Two Utah lawmakers on opposite sides of the aisle are working on red flag gun bill files. (PHOTO: Credit: Paul Nelson)

SALT LAKE CITY — Red flag bills are getting a second chance in Utah.

And, interestingly, two state lawmakers on opposite sides of the aisle are behind the movement.

Two parties, one idea

Rep. Joel Briscoe (D-Salt Lake City) and Sen. Todd Weiler (R-Woods Cross) are both opening bill files that pertain to red flag gun legislation.

“Red flag,” meaning that a person’s guns could be taken from them under court order.

“If someone’s having a mental crisis, then maybe a family member could take some action,” said Weiler. “Maybe have a judge rule that a person can’t have their gun.”

This type of legislation has been sponsored for the past three years by Rep. Stephen Handy, R-Layton.  He abandoned the effort after it struggled to go anywhere in the House.

Red flag bills roadblock

Both Sen. Weiler and Rep. Briscoe know the topic will face pushback, including a fight from out-of-state parties.

“The [National Rifle Association] NRA comes out every session, they send people in from out of state and they lobby it really hard,” said Weiler. “They say it’s a violation of due process rights and a violation of the Second Amendment.”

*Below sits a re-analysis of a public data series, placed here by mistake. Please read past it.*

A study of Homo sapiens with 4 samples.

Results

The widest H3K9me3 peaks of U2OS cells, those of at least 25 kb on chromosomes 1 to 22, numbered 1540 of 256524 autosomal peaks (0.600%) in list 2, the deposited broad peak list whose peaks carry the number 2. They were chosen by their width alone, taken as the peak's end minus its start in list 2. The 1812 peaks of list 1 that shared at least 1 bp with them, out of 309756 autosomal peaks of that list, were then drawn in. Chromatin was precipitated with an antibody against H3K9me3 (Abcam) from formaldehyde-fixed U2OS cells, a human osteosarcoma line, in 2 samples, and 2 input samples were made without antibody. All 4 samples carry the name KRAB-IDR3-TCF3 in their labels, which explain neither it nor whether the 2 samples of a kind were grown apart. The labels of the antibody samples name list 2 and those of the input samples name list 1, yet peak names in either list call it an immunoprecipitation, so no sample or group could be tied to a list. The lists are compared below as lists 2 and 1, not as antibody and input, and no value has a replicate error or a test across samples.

Weiler says the group has acted hypocritically in the past.

“Every time there’s a shooting, the NRA comes out and says we’ll support a red flag bill,” he said. “But, every single state where they’ve been proposed they’ve lobbied against them.”

One reason for optimism, according to Weiler, is that members of Utah’s Senate Republican Caucus will be discussing this for the first time.

“In the Senate, we’ve never had this discussion, we’ve never had this debate,” said Weiler.

He adds that legislation is more likely to gain traction if lawmakers are able to find a “middle-of-the-road” solution to the problem.

Weiler isn’t shy to admit that personal experience is motivating him. He says a family member survived a suicide attempt involving a firearm.

“If my family could have done something I think we would have because we knew she was in crisis,” he explains. “But there were no tools available.”